52 Tips in 52 Weeks: Public Trust in the Charitable Sector
If you follow this blog, you may have read my post from a few weeks ago about the rising levels of public trust in America’s nonprofit sector. I cited a recent study conducted by Luth Research, and the Nonprofit Institute at the University of San Diego’s School of Leadership and Education Sciences which showed that public trust levels in the nonprofit sector are on the upswing in the midst of the pandemic. The report also showed that the public’s trust in nonprofits is much stronger than trust and confidence in government entities (both at the federal and the state and local levels). This is positive news for the nonprofit sector, but we can’t rest on these numbers for too long.
In fact, another nonprofit public confidence study was just released recently by Independent Sector called Trust in Civil Society. Independent Sector worked with Edelman Intelligence to conduct two national surveys each of 3,000 American adults with the goal to “assess general population trust in the sector (philanthropy and nonprofits) and uncover the factors that drive trust in the sector.” Independent Sector’s latest research showed strong overall confidence numbers in the nonprofit sector with 81 % of respondents stating their confidence in nonprofits to help strengthen society. However, when looking at the demographics of Americans with the most and least confidence in the sector, the Independent Sector report illuminates a different picture — with the highest trust exhibited by “suburbanites and those with high socio-economic status” and those with least confidence exhibited by individuals in what Independent Sector calls “underserved communities” as defined by a variety of factors, including but not limited to household incomes of less than $35,000 and households with less education.
We know that individuals of all socio-economic backgrounds participate in and receive benefits from nonprofit organizations every day. So, what can we do to strengthen public trust among the underserved communities? What are some strategies that nonprofits can employ in order to earn the public’s trust from all in our community, including those who participate in our programs and those who donate income to our efforts?
The Standards for Excellence Institute has always had an important focus and emphasis on respectful and ethical treatment of those who participate in nonprofit programs and are served by nonprofit organizations. The Standards for Excellence: An Ethics and Accountability Code for the Nonprofit Sector states, “ In rendering its programs or services, a nonprofit should act with the utmost professionalism and treat persons served with respect.” The Standards for Excellence code also encourages nonprofits to “have a meaningful opportunity for the public to communicate with a representative of the organization.” In addition, the Standards for Excellence code has a set of benchmarks centered on addressing problems and states that “nonprofits should provide an effective procedure for problem solving or reporting grievances, including but not limited to, legal or ethical misconduct by the organization’s employees and volunteers. The procedure should include actions for addressing and resolving complaints effectively.” As we work to serve those in need, let us all ensure that we earn the trust of those we serve through our words and deeds.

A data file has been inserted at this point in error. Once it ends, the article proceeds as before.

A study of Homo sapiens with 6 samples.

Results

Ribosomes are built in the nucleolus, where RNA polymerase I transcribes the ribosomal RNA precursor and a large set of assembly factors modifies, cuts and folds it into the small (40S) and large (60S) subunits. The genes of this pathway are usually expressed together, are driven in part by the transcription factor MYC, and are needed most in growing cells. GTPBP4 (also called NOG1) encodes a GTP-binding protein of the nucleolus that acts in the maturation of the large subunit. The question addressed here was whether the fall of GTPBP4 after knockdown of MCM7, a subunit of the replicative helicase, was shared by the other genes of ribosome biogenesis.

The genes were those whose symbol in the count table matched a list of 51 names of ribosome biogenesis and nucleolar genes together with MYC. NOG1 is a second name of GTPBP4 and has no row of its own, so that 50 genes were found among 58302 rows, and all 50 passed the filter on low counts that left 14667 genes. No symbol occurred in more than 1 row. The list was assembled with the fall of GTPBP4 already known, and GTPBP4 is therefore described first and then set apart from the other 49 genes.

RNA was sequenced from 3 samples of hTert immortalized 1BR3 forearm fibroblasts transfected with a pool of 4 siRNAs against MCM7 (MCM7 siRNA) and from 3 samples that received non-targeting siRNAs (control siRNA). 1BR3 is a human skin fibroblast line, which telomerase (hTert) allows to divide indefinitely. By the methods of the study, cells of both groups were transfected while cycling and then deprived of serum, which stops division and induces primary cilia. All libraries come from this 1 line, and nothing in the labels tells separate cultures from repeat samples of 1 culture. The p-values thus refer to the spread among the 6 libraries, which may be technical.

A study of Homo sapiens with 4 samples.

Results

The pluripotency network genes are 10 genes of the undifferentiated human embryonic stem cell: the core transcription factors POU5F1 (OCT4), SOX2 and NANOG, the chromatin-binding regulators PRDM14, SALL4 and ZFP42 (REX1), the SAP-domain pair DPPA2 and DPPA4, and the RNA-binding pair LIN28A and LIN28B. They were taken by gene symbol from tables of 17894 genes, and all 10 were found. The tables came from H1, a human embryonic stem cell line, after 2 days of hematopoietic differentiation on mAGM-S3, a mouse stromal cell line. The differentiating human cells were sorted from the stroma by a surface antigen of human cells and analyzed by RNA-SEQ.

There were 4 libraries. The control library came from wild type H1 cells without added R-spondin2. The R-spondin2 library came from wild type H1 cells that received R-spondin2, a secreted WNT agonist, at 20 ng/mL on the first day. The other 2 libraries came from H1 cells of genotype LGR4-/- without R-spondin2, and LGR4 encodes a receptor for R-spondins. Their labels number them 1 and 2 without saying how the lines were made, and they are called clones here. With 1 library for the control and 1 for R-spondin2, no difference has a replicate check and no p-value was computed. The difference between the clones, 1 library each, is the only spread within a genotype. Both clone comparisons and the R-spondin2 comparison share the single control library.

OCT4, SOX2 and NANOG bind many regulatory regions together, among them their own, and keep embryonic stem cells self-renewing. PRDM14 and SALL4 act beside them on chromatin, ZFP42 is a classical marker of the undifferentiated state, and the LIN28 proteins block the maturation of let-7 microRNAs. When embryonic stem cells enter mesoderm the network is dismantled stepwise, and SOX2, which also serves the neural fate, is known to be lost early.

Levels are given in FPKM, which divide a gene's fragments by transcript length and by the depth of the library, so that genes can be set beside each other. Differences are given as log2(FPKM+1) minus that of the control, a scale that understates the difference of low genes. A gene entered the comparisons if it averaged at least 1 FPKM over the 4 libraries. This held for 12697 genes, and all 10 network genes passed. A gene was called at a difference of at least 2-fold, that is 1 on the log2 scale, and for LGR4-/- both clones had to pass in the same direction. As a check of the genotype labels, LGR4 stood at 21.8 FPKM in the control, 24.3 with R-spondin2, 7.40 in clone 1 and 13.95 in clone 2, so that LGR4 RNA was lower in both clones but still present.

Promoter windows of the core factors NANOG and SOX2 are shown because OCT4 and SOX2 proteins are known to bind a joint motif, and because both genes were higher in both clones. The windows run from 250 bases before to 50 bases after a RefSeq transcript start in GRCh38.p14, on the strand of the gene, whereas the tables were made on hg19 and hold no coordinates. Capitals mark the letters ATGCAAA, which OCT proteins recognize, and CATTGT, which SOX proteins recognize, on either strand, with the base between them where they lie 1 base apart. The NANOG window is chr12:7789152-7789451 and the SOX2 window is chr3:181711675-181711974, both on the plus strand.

If you’d like more resources, our Standards for Excellence educational resource packet Working Professionally and Respectfully with Program Stakeholders This packet includes discussions and resources on respect, confidentiality policies, and grievance procedures with samples to help in this important area of nonprofit management and operations.
The full series of Standards for Excellence educational packets include sample policies, tools and model procedures to help nonprofits achieve best practices in their governance and management. They can be accessed by contacting a licensed Standards for Excellence replication partner, one of the over 150 Standards for Excellence Licensed Consultants, or by becoming a member of the Standards for Excellence Institute.
We share our sincere wishes for your continued good health and patience as we all navigate these challenging and uncertain times.
Amy Coates Madsen is the Director Programs for Maryland Nonprofits and the Director of the Standards for Excellence Institute, a national initiative to promote the highest standards of ethics and accountability in nonprofit governance, management, and operations, and to facilitate adherence to standards by all organizations. The Standards for Excellence Institute is a program of the Maryland Association of Nonprofit Organizations where Amy has served for more than twenty-four years. Amy is responsible for coordinating all aspects of the association’s comprehensive ethics and accountability program and efforts to replicate the program nationally. She serves as a frequent trainer and writer in the areas of board conduct, program evaluation, program replication, fundraising ethics, and nonprofit management. She has taught courses on nonprofit ethics and accountability at the Johns Hopkins Institute for Policy Studies Certificate Program on Nonprofit Management.